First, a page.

Clem explaining the structure of the building to the music teacher, her husband and friend

04.04.15 | visit from the structural engineer

The fifth and sixth days of the Visiting School have been written up by Giulio Ammendola, an Innovation Design Engineering student at the RCA:

The past couple of days at Grymsdyke Farm have been a great mix of clay forming, wood cutting and engineering tests.  While a few people kept feeding the hungry CNC machine with fresh timber in order to produce more lattice pieces for the structure, a substantial group of us started filtering and preparing the clay for the tiles – we have lots to make! The aim is to have enough tiles to be arranged on a panel, to then review each design judging aesthetics, strength and functionality. Although some of the processes could sometimes become a bit repetitive, I think this is the special moment when you start seeing things really coming together. We have now finished enough timber parts to assemble the first segment of the wall and all the clay moulds for the tiles are finished – some are already set and drying… the kiln is waiting for them! (wow. as I was checking for the correct spelling I just discovered that the word ‘kiln’ comes from the old english ‘cylene’, from Latina ‘Culina’.. basically kitchen, cooking stove. Our plans of using the kiln for Pizzas doesn’t seem so wrong anymore!).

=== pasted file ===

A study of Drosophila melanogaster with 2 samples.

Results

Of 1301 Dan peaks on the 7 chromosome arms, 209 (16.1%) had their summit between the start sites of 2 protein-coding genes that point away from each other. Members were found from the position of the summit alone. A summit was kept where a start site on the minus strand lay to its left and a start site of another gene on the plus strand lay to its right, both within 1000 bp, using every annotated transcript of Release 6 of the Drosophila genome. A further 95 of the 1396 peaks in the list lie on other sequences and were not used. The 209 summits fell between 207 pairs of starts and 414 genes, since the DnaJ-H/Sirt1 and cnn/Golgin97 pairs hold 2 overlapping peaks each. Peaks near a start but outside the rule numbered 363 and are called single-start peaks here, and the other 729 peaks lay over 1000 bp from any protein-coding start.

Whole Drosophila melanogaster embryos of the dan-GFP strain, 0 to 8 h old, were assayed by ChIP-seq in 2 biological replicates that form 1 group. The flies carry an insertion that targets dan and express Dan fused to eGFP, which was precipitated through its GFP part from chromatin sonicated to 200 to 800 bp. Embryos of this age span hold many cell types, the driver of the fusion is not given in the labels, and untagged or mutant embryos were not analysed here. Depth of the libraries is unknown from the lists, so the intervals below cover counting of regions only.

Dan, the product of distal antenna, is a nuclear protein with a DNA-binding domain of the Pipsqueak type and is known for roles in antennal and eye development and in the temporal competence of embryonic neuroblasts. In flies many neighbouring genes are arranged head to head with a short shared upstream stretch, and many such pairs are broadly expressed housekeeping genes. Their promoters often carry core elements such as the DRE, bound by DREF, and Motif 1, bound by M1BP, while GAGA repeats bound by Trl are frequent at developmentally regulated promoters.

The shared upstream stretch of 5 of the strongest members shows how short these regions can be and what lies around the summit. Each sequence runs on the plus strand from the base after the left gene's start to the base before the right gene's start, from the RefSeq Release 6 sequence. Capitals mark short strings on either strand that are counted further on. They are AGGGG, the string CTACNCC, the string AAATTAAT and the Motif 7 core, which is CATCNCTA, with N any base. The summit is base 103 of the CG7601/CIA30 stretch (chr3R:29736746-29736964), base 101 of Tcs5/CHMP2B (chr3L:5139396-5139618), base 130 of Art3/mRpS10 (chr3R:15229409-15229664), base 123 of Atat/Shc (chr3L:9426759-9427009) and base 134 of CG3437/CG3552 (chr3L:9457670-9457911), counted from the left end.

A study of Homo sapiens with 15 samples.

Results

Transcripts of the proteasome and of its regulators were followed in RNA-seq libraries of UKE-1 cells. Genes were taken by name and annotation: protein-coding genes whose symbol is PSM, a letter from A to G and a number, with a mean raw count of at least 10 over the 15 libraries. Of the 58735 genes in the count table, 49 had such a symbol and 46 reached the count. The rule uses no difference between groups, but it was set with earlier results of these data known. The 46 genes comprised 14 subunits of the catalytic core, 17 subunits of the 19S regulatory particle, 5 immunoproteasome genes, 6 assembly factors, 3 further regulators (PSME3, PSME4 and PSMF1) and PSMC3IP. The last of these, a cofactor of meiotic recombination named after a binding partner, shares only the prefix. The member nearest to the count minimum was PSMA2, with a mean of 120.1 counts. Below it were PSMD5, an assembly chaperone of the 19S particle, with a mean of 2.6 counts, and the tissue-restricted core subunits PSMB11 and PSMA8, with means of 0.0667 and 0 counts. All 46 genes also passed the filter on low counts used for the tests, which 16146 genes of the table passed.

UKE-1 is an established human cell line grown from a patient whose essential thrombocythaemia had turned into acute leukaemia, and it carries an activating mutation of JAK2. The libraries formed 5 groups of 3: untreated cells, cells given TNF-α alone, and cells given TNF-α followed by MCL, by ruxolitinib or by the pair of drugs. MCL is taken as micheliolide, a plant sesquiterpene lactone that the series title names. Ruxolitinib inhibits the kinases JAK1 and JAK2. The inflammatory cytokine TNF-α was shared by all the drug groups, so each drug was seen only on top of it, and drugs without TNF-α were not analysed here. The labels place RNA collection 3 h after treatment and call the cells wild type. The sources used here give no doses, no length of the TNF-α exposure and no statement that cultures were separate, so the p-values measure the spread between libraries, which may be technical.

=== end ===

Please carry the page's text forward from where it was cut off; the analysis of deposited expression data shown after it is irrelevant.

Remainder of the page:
The structural engineer  joined us on Friday and answered all the questions we had in regards to how to prepare, screw and bolt together the joints of the structure. There are many different interesting tricks he suggested that should make the assembly job much easier. It was very nice to see how hands-on engineers can be! It reminded me of the engineering process as described by one of my tutors Aran Dasan, where Execution, Analysis and Process can simply be replaced by “Make it” and “Break it”. 

After a delicious lunch very kindly cooked by the music teacher Fiona, Steve and Clem went to survey the site. There are still a few decisions to be made before starting the assemblage, which will most probably happen tomorrow.

The farm feels like a constantly active place where everyone is in the workshop working on something (that includes the robot!), while tea breaks and dinners are the perfect occasion for exchanging stories and recommendation about schools, courses and cool things around the world: a week ago we were all in different places doing all sorts of different things and this place already feels like home (…my non architectural background was also pretty well accepted! ssshh maybe they forgot, don’t tell anybody!)